Except for instances where determining the parentage of a child is relevant to a limited class of legal proceedings, Kansas law, specifically K.S.A. 65-2422d(c), does not “permit inspection” of birth and death records unless the Kansas Department of Health and Environment “is satisfied the applicant therefor has a direct interest in the matter recorded and the information contained in the record is necessary for the determination of personal or property rights.” As a practical matter, this means the only folks with a decent chance to get a copy of birth or death records are the immediate family members of the subject.
Moreover, any birth or death delivered by the department to the clerk of the district court in the county in which the birth or death took place “shall be considered confidential and shall not be disclosed to the public.” Finally, there does not appear to be any provision in Kansas law for birth or death information to ever become public, even after 75, 100, or 125 years, as set forth in the Model Vital Statistics Act.
However, Oklahoma has recently amended its vital statistics law in a way that preserves privacy and gives researchers the ability to obtain meaningful information. Now, O.S.S. 63 § 1-323, among other things, provides details about who might have a “direct interest” in the records, such as a parent, personal representative, or an attorney involved with administering an estate.
Most importantly, the amended statute provides for an “online public index that includes, as is applicable, the name, gender, date of birth, date of death, county of birth, and county of death of all persons in its records. Birth data shall not be added to the index until twenty (20) years after the birth. Death data shall not be added to the index until five (5) years after the death. The index shall be made available online at no cost to users.”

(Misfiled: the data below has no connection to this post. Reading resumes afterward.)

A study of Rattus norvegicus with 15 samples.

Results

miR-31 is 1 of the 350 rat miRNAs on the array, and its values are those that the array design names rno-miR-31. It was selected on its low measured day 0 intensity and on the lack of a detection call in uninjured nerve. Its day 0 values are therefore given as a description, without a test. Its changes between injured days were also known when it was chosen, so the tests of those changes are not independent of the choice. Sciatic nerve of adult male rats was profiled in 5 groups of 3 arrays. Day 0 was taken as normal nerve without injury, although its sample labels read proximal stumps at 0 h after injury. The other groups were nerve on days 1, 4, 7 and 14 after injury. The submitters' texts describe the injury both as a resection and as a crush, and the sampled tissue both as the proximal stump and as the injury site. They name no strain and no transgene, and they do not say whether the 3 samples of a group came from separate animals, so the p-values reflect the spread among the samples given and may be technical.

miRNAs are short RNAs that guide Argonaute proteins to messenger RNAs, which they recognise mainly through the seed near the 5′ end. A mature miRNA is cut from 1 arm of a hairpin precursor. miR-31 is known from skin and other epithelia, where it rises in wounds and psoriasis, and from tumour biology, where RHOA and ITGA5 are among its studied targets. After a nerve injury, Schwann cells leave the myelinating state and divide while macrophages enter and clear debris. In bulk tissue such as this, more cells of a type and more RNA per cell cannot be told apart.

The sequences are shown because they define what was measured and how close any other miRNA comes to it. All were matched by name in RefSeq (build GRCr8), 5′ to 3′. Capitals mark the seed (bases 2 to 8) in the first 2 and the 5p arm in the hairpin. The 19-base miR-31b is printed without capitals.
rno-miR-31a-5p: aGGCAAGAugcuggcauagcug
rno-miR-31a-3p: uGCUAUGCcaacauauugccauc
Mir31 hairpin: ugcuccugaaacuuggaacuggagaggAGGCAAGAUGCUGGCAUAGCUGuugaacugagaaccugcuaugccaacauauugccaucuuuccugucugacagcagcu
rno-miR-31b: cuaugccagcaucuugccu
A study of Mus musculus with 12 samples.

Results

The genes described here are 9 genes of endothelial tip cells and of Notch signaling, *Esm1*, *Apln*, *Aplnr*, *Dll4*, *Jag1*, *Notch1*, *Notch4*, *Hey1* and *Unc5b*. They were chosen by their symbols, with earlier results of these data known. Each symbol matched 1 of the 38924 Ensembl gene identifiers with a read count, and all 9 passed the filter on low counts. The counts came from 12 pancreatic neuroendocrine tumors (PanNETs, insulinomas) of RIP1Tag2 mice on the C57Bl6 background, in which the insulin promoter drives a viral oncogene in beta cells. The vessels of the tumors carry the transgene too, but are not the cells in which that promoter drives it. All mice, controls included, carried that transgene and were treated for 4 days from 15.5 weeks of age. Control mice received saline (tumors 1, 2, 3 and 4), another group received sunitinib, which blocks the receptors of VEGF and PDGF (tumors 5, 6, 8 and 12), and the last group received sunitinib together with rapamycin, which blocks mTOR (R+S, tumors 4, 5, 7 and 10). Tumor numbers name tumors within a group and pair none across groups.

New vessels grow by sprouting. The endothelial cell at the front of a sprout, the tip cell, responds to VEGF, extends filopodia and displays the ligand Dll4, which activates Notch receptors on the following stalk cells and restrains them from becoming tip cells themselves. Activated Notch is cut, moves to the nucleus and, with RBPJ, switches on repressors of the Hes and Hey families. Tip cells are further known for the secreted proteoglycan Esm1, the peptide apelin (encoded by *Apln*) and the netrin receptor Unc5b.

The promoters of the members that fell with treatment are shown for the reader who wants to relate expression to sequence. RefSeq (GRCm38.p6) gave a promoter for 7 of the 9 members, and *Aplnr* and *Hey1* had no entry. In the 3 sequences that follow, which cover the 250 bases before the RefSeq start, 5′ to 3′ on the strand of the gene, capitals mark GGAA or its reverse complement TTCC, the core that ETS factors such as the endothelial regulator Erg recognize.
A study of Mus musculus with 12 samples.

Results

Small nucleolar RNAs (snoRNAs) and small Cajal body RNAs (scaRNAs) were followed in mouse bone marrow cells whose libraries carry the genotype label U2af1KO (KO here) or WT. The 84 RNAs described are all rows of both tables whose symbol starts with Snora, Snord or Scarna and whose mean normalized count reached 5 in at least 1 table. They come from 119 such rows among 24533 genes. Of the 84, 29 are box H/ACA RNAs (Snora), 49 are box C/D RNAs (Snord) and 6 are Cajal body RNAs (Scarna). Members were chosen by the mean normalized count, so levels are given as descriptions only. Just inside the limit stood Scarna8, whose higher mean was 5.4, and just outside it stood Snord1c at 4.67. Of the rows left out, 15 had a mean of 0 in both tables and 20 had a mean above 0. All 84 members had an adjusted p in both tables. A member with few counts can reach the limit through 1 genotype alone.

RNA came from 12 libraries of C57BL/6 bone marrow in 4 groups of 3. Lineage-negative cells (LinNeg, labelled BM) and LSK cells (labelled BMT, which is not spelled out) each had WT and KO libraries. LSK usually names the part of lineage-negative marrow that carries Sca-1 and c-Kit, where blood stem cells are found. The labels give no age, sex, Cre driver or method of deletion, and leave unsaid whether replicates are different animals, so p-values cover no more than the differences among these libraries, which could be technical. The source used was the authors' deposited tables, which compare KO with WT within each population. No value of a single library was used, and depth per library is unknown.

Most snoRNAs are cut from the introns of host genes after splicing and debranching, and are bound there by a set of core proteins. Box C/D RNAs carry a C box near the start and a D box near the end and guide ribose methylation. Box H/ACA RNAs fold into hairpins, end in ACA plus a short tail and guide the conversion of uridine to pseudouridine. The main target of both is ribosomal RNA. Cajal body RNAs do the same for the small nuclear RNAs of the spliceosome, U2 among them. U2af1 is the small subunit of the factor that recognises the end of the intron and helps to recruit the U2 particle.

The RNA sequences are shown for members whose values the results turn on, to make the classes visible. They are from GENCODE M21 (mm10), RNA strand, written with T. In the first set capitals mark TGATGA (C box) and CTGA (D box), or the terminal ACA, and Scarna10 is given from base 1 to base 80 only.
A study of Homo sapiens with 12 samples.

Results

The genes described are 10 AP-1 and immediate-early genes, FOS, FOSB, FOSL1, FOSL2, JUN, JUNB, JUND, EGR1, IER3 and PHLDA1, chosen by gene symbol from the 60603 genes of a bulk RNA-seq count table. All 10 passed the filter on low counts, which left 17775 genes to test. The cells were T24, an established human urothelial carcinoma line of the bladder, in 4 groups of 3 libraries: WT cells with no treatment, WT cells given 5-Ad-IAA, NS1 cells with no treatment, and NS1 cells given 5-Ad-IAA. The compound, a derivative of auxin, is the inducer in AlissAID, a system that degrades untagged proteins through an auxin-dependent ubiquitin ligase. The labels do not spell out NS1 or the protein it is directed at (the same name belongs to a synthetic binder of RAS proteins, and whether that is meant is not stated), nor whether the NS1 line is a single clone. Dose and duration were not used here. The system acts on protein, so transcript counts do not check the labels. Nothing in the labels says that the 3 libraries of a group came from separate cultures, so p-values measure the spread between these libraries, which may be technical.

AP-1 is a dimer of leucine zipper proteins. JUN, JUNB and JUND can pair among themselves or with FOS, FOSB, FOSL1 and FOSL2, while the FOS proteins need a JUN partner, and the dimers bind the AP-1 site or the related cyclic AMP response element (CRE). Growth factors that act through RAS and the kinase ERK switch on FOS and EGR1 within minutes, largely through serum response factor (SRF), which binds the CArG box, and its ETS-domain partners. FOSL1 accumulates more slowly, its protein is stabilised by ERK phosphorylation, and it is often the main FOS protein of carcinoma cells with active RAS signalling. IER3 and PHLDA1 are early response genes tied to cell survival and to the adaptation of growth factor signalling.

In the Oklahoma State Department of Health press release accompanying the amendment, Registrar Kelly Baker said that her office “has worked diligently over the years to preserve the integrity of birth and death records, protect the identify of our citizens, and we continue to preserve the historical documents of our state and families.” Oklahoma Genealogy Society President Mike Birdsong said that the database will allow users to “immediately access records which helps verify an ancestor’s data,” and that when considering “the privacy rights of living and recently deceased Oklahomans,” the “index is a good balance between protecting privacy and researching family records.”
Finally, while the Oklahoma law previously allowed for public disclosure of death certificates after 75 years, the amendment makes them publicly available after 50. Birth certificates remain unavailable to the public until 125 years “after the birth.”
Thus, the new Oklahoma statute prevents unreasonable invasions of privacy, while still allowing access to information related to births and deaths so valuable to genealogists and other researchers. Additionally, birth and death records should be available to the public after a certain number of years, consistent with the Model Vital Statistics Act. The legislature should strongly consider any proposals that bring Kansas law in line with these precedents.